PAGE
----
The central Cuban province of Cienfuegos is on its way to celebrate the 200th anniversary of its foundation, which took place in April 1819 by a group of immigrants of French origin.
Among the city's many attractions is the so-called José Martí Park, which is located in the site where the colony of Fernandina de Sagua was officially founded and where busts of stone and bronze are reminders of the most relevant people in the city.
In addition, the city has the only Triumphal Arch in Cuba, built in 1902, as well as the Tomás Terry Theater, one of the three most important theaters in the country in the 19th century and a silent witness of performances by world-renowned artists like Enrico Caruso.
The most emblematic building in the city is Palacio de Valle, funded by a rich Spanish citizen and built by an Italian engineer. The building's architecture combines gothic, romantic, Byzantine and baroque elements with a preponderant presence of the Mudejar style.
The city's environment is complemented by the Cathedral of the Blessed Virgin, which is famous for its altar, designed with Corinthian elegance, and for a stain-glass portrait of the Twelve Apostles that was brought from France during the days of the Paris Commune.
The town was upgraded to a city in 1880 and a committee of the United Nations Educational Scientific and Cultural Organization (UNESCO) designated its historic heart as a World Heritage, being the first among all Ibero-American and Caribbean cities founded in the 19th century to receive that title.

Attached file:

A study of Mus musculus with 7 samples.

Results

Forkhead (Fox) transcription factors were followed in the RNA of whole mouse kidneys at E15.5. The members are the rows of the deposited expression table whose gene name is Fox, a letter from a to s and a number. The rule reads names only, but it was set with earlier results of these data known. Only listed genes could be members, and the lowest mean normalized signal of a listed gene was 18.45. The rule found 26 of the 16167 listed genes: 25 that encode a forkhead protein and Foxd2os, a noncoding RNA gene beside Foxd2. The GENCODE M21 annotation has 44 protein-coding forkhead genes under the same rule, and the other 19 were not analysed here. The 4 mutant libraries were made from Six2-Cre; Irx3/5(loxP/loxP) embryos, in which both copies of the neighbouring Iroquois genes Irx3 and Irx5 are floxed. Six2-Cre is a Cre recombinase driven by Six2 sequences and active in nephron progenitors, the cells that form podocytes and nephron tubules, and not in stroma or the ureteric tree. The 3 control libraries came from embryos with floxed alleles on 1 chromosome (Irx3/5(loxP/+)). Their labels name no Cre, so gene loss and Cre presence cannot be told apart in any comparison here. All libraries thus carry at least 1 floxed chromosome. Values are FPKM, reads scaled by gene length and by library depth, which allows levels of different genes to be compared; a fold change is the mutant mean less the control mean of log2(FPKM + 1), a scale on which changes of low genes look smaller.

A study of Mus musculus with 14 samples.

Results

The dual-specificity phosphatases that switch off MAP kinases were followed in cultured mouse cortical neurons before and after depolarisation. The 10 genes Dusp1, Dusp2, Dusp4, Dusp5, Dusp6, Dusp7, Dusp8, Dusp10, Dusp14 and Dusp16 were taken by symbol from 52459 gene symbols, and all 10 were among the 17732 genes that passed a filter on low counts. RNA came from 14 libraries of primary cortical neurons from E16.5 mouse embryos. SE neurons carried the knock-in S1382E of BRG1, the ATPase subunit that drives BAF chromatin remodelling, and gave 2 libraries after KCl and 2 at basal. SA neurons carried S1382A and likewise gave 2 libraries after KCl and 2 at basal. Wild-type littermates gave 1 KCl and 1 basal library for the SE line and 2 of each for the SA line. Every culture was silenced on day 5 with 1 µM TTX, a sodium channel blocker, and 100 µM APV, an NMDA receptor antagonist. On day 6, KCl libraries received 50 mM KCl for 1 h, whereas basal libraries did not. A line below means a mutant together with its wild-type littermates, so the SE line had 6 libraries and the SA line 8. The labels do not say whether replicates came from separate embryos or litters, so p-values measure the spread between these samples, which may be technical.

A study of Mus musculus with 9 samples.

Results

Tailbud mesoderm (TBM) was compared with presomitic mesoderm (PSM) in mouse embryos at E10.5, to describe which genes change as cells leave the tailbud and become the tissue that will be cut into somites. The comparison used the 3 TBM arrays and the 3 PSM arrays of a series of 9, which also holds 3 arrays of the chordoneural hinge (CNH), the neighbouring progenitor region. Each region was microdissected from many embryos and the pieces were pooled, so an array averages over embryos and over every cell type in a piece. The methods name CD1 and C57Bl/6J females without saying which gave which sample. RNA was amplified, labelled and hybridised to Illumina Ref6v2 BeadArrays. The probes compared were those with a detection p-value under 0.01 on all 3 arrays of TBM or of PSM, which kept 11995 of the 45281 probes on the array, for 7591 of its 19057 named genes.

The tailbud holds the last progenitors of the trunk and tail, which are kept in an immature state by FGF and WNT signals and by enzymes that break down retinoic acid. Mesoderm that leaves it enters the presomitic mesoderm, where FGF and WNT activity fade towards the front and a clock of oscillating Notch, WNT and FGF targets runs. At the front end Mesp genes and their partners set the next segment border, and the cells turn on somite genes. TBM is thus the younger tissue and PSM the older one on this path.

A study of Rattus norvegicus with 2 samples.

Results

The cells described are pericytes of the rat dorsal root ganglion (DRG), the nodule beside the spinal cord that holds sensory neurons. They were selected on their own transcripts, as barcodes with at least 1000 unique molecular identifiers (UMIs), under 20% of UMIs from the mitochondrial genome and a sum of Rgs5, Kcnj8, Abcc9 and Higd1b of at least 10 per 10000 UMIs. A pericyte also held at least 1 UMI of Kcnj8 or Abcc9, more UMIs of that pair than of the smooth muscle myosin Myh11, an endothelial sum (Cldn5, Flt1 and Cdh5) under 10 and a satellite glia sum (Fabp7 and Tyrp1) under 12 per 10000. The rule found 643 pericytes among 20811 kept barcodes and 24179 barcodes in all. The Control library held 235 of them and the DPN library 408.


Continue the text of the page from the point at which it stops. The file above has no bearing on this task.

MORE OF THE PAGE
Two dozen libraries, 11 museums, more than 30 movie theaters and five theaters are complemented by houses of culture, art galleries and monuments that perpetuate the best local traditions for Cuban and foreign visitors.
Among the most singular sites for visitors is the Reina Cemetery, built in 1830 and declared a National Monument. It is a true museum of funerary art and shows the burial system of vertical niches that was used during the Spanish colonial period.
Another relevant monument is the Tomás Acea Cemetery, which was built in 1926 and which experts consider the necropolis with the longest history in Cuba and whose main entrance is a replica of the Parthenon.
The province also holds natural treasures at the Botanical Gardens, which was built in 1901 and holds a collection of palm trees that ranks among the world's top ten.
Covering 97 hectares, the Botanical Gardens holds about 2,000 species (including 70 percent of exotic species), 23 varieties of bamboo, 65 of jagüey and 280 specimens of cork and big-belly palm trees.
The city is also the venue of international nautical events and treasures rich architectural values, as well as legends that stimulate the interest of foreign visitors.
One of those legends is linked to the Guanaroca Lagoon, a reservoir of brackish water into which the Arimao River flows and which is based in the aboriginal history of the Caribbean Island.